Assessing the Pediatric Patient

Observational assessment can substantially decrease the difficulty of pediatric patient assessment.

Assessing the pediatric patient can be one of the most challenging and stressful tasks for prehospital providers. Pediatric education is very limited in most EMS curricula, and critical pediatric patients make up barely 1% of run volume in most EMS systems. Through the use of an observational assessment and application of age-appropriate assessment techniques, we can substantially decrease the difficulty in assessing our pediatric patients.


A mother calls 9-1-1 and says her baby will not wake up. She is extremely anxious and emotionally distraught, and is unable to give the 9-1-1 operator any useful information. Upon arrival at the residence, the EMS crew notes a panicked mother holding a 6-month-old infant. She states he was switched to a high-iron formula three days ago, and has had vomiting and diarrhea ever since. Today, he has been listless, with poor appetite. She put him down for a nap three hours ago and was unable to wake him up immediately prior to calling 9-1-1.

An observational exam of the child reveals:

  • Flaccid; does not react to being handed off to EMS providers
  • Grimaces and withdraws briefly from pain stimulus
  • Respirations are rapid and shallow, without audible airway noises or visible retractions
  • Skin cool and dry, absent distal pulses and capillary refill of 4 seconds.

What information can we glean from this simple history and 10-second assessment without even taking vital signs? Quite a bit, actually. We know that the problem is cardiovascular rather than respiratory, most likely hypovolemic shock. The child’s mental status tells us that shock is already in the decompensated state and aggressive intervention and rapid transport are needed.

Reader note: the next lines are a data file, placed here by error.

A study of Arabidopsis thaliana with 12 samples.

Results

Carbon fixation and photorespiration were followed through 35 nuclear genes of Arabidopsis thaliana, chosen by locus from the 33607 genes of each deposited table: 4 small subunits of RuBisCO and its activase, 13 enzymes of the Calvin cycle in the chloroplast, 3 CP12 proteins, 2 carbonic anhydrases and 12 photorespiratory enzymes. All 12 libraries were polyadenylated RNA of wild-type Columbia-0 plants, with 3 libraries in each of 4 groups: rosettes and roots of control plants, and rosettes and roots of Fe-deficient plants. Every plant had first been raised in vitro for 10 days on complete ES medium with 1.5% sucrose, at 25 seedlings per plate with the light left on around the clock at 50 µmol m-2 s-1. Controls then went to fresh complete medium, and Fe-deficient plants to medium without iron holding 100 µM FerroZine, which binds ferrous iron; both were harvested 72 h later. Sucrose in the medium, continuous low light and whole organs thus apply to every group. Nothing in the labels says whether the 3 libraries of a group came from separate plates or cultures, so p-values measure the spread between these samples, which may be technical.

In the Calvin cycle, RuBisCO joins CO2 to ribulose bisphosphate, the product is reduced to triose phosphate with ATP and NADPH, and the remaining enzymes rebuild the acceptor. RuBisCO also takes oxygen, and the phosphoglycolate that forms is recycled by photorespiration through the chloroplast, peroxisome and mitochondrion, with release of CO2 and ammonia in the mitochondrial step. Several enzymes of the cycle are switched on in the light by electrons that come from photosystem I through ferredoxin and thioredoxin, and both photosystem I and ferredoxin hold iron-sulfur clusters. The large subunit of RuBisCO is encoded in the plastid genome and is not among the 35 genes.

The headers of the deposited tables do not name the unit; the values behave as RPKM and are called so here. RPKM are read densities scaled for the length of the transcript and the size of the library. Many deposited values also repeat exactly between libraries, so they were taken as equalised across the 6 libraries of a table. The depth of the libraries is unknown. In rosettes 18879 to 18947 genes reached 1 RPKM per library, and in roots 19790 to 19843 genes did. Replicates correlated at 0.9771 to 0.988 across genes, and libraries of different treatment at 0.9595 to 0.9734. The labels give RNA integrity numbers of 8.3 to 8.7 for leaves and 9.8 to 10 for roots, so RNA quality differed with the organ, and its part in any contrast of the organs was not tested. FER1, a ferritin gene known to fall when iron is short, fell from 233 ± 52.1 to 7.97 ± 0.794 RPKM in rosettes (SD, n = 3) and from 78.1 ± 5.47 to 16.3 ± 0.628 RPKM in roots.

Differences in Anatomy and Physiology

Children are rate-dependent for respiratory and cardiovascular function. Unable to significantly increase cardiovascular stroke volume or respiratory tidal volume, they compensate by increasing heart and respiratory rate.

Due to underdeveloped thoracic musculature, infants and young children are unable to significantly increase respiratory tidal volume to meet oxygen demands. Use of neck and thoracic accessory muscles often results in muscle retraction without significant increase in tidal volume, contributing to respiratory fatigue.

Unable to significantly increase stroke volume, children respond to inadequate perfusion by increasing heart rate and dramatically increasing systemic vascular resistance. These compensatory mechanisms are often enough to maintain near-normal blood pressures while deeply in shock, but this compensation is brief. Decompensation can be precipitous and occur with little warning if the provider is gauging the degree of shock based upon blood pressure.

The airway of infants and young children is shaped differently from that of adults. The tongue is proportionately larger, the glottic opening is higher, and the trachea itself is hourglass-shaped, with the narrowest section immediately below the cricoid ring. Relatively little swelling or improper positioning can easily occlude the airway.

Children have impressive compensatory mechanisms, but those mechanisms have their price. Children have a higher basal metabolic rate than adults, and their oxygen and energy demands are correspondingly higher. Compensation for volume loss or respiratory compromise only increases these demands. Hypoxia and shock can occur quickly, and it is not uncommon for children to become hypoglycemic during or immediately after resuscitation.

Observational Assessment

Begin your assessment from 10 feet away, carefully observing the following:

  • The child’s interaction with the environment. Does he react to your presence? Does he recognize parents or caregivers? Can he be calmed by a pacifier or favorite toy? If he is old enough to experience stranger or separation anxiety (older than 6 months), minimize your initial interaction.
  • Is breathing adequate, or are there audible airway noises, abnormal positioning such as tripod position, or retractions? Have the parent raise the child’s shirt and carefully observe respiratory mechanics.
  • What is the child’s perfusion status? Is capillary refill time less than 2 seconds, provided the room is warm? How many diapers has the child gone through today? Is the skin pale or cool? Have the mother blanch the top of the foot or hand and count the capillary refill time.